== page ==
The military-industrial complex is alive and well in the Air Force’s effort to kill off the A-10 Thunderbolt, which first went into operation in 1977, in favor of the $1.5T F-35 supersonic jet, which has not yet gone into operational testing.
Writing in the February Harper’s, Andrew Cockburn details the collusion between the Air Force, Congress and defense contractors to promote the F-35 made by Lockheed Martin, which promises to support 133K jobs in 45 states. We’ll see about that.
The Air Force claims the five-year phase out of the A-10 Warthog would save taxpayers $3.5B, which is chump change compared to the F-35 program. Production cost for an A-10 is $20M per-copy, compared to the current projected $200M each K-35 outlay.
Cockburn points out that the armor-cladded A-10 is the Air Force’s most effective weapon for today’s warfare. It is designed for “close air support” of troops on the ground. Flying low and slow, an A-10 pilot visually targets bad guys, which is a key to fighting fast-moving and lightly armed terrorists and insurgents.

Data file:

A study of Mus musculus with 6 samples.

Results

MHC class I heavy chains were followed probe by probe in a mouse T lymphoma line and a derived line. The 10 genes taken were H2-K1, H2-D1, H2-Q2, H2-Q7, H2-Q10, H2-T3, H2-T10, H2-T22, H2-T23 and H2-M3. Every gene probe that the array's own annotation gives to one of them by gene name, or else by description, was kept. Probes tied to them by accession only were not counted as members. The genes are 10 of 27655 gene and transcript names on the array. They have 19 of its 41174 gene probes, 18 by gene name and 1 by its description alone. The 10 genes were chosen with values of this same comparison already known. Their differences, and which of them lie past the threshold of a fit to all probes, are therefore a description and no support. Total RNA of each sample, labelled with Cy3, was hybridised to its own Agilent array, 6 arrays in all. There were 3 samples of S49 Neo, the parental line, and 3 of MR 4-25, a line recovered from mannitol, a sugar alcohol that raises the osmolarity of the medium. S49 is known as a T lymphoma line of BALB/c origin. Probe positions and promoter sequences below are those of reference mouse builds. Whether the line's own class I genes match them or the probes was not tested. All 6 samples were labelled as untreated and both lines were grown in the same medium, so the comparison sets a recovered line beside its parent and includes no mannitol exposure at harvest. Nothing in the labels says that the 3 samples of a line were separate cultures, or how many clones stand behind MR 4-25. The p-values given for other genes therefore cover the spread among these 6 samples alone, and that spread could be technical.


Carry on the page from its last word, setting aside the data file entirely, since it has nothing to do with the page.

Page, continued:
The bulk of Air Force’s accidental bombing of civilians in Afghanistan, according to Cockburn, stems from the high-flying B-1 bombers that were originally designed to deliver nuclear bombs to Moscow. B-1 bombers rely on sketchy videos when zeroing in on targets.
Though CNN captured the “shock & awe” bombing of Baghdad during the America’s first Iraqi invasion, it was deployed A-10s that did the grunt work of taking out tanks and troop convoys. The Army’s General Norman Schwarzkopf had to pressure the Air Force to commit A-10s to Iraq.
The Air Force prestige, wrote Cockburn, is based on massive weapons programs like the F-35. It has been doling out “special inducements” (bribes?) to legislators with A-10 bases in their districts to win support for the F-35.
With the A-10 phase out, the Air Force plans to use the B-1 and F-35 for close air support.
Cockburn wrote: “This decision, which practically guarantees that more civilians as well as American soldiers will die, may seem bizarre and irrational, but in light of the core beliefs that give the Air Force its identify, it makes absolute sense.”
With America’s chip on its shoulder Air Force, it’s all about the money.